The California Coastal Commission has agreed to hold a public hearing on whether a hotel renovation project in Aliso Canyon, approved by the Laguna Beach Planning Commission in May, violates coastal laws, especially regarding environmental protection.
At their regular meeting Wednesday in Ventura, coastal commissioners heeded concerns of the agency's staff about elements of Laguna Beach Golf & Bungalow LLC's plans to remodel a 64-room hotel, restaurant, banquet and nine-hole golf course facility called the Ranch at Laguna Beach (formerly Aliso Creek Inn & Golf Course).
On May 14, the Planning Commission unanimously approved a coastal development permit and conditional use permit for the project at 31106 S. Coast Hwy. Lifelong Laguna Beach resident and Hobie Surf Shop co-owner Mark Christy is the principal investor in the property.
But the following month, Laguna Beach resident Mark Fudge appealed the commission's decision, challenging the project on several grounds, including possible harm to the environment and public access and any reduction to overall affordable overnight housing.
According to Christy, the facility, with 23 detached buildings on 84 acres across South Coast Highway from Aliso Beach Park, is in dire need of upgrades to make the 1960s-era buildings fire safe and compliant with Americans With Disabilities Act requirements. He also noted that it was essential to repair cracking and rotting exteriors.
"We're restoring this place that has been neglected," Christy said. "The televisions are from the 1980s and the carpet hasn't been touched in decades."
The owners want to modify existing building facades and reduce the square footage — by more than 10,000 square feet, Christy said — redo the hotel lobby and restaurant area, construct a wellness spa and fitness center and boost the stock of hotel rooms within existing buildings.
Plans call for splitting some rooms in half, boosting the number of suites to 97.
In Fudge's appeal, contained within the Coastal Commission's staff report, he alleges the project lacked sufficient environmental review and was not properly revealed to the public. He also complained about lack of clarity on room rates and whether the city's stock of affordable overnight housing might be diminished as a result of the pricing.
Fudge also claims the proposal is inconsistent with Laguna's Local Coastal Plan's historic preservation policies.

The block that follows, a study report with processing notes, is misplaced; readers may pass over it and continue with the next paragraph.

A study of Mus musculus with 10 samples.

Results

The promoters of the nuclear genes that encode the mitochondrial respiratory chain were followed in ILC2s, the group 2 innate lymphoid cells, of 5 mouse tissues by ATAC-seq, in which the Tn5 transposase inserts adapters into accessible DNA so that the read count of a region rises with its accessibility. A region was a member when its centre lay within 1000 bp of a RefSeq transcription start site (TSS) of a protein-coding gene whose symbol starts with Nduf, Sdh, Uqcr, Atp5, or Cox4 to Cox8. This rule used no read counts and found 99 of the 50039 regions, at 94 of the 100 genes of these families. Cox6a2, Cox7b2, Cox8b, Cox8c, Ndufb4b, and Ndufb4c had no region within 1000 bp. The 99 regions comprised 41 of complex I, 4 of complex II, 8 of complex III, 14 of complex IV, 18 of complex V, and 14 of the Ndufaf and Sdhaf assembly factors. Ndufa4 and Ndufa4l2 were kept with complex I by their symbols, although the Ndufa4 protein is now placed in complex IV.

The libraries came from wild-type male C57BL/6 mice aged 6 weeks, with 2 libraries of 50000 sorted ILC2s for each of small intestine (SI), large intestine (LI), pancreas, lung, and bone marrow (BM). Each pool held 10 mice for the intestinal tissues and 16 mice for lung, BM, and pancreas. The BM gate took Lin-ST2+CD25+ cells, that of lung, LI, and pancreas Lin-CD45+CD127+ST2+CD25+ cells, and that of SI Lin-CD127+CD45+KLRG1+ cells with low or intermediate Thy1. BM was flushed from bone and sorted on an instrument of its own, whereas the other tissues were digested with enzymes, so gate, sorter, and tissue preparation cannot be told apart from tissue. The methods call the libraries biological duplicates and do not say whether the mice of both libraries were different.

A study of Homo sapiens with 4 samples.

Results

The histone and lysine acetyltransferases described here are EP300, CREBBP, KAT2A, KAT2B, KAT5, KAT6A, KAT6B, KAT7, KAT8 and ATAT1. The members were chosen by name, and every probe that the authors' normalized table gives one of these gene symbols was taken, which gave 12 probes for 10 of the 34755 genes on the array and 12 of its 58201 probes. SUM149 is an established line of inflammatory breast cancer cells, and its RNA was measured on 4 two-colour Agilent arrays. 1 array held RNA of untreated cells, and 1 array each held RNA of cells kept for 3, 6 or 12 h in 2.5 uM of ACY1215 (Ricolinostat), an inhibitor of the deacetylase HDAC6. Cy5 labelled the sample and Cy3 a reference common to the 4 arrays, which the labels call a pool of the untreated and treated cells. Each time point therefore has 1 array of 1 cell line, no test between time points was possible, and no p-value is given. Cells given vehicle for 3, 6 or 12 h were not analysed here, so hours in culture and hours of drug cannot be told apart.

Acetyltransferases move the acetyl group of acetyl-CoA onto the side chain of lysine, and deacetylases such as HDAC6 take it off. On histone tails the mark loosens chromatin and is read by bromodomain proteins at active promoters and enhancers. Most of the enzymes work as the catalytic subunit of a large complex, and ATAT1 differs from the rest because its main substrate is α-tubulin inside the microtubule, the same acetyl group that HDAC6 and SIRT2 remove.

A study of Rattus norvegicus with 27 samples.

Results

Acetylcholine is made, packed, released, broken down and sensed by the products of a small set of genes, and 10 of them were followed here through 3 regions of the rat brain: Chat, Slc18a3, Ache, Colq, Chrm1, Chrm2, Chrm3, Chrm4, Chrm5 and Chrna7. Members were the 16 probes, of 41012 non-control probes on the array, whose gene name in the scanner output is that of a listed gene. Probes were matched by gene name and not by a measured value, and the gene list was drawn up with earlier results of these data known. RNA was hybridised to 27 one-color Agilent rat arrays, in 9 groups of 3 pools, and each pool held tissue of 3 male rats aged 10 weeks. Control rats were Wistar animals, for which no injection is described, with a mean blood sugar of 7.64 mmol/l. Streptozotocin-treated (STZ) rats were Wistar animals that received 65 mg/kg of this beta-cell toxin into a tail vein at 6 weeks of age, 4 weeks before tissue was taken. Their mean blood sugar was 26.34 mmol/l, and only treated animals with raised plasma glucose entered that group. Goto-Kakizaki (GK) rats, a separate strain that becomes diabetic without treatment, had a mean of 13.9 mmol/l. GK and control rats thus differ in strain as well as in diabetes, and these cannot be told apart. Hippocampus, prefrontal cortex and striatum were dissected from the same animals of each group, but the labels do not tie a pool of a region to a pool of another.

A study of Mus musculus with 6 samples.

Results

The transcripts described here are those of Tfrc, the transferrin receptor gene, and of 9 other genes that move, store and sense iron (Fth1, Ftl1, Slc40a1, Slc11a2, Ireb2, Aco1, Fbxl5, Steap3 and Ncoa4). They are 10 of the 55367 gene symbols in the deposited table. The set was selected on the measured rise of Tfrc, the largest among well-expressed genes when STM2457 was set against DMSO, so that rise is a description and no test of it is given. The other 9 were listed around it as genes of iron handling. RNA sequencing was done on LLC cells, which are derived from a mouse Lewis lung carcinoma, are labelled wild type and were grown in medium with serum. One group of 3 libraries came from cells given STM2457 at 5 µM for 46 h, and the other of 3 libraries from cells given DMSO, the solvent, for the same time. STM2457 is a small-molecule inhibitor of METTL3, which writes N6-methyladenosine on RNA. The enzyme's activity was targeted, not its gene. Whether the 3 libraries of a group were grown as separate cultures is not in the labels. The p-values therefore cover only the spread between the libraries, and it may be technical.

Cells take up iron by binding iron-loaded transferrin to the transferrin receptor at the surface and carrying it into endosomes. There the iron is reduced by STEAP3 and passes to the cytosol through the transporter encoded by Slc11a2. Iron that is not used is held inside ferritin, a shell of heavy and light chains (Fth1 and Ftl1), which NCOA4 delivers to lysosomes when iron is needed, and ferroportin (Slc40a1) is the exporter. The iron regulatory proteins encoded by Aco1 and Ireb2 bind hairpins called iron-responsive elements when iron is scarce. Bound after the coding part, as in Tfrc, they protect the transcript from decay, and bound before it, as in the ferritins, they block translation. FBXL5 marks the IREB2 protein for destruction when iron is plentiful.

Aliso and Wood Canyons Wilderness Park, with hiking and bicycle trails, abuts the property to the east.
"The city of Laguna Beach conducted an unlawful development process and allowed the applicant to obtain permits he had no reasonable expectation of receiving," Fudge's appeal says. "The Planning Commission was considering a project in an environmentally sensitive area that had inadequate or no environmental review."
The property runs parallel to Aliso Creek and no part of the proposed project would encroach on any environmentally sensitive area, Christy said.
Coastal Commission staff want to take a closer look at potential environmental harm.
"Due to [the proposed project's] location within a flood plain and potential historical and archaeological significance, the site is of local and statewide significance, worthy of the most careful planning efforts," the coastal staff report says. "The city's action lacks legal support ... because its action on the [coastal development permit] could adversely impact valuable coastal resources, including recreational and access amenities."
After receiving the necessary permits and assurances from the city that the changes met all applicable laws, Christy began portions of the remodel work. Crews have stripped all of the hotel buildings to their wood frames as they install fire sprinklers and add insulation to walls, Christy said.
In December, the city issued Christy a building permit for the existing work.
None of the improvements required a coastal development permit or any other city discretionary permits, according to a July 8 letter signed by Laguna's new Community Development Director Gregory Pfost and sent to the Coastal Commission.
"The remodel project does not increase the square footage of existing buildings or structures by 50% and does not remove, replace or reconstruct more than 50% of the structures," the city's letter says.
Since the project does not meet the threshold for a major remodel or a new development, creating a public trail through the property is not required, according to the city.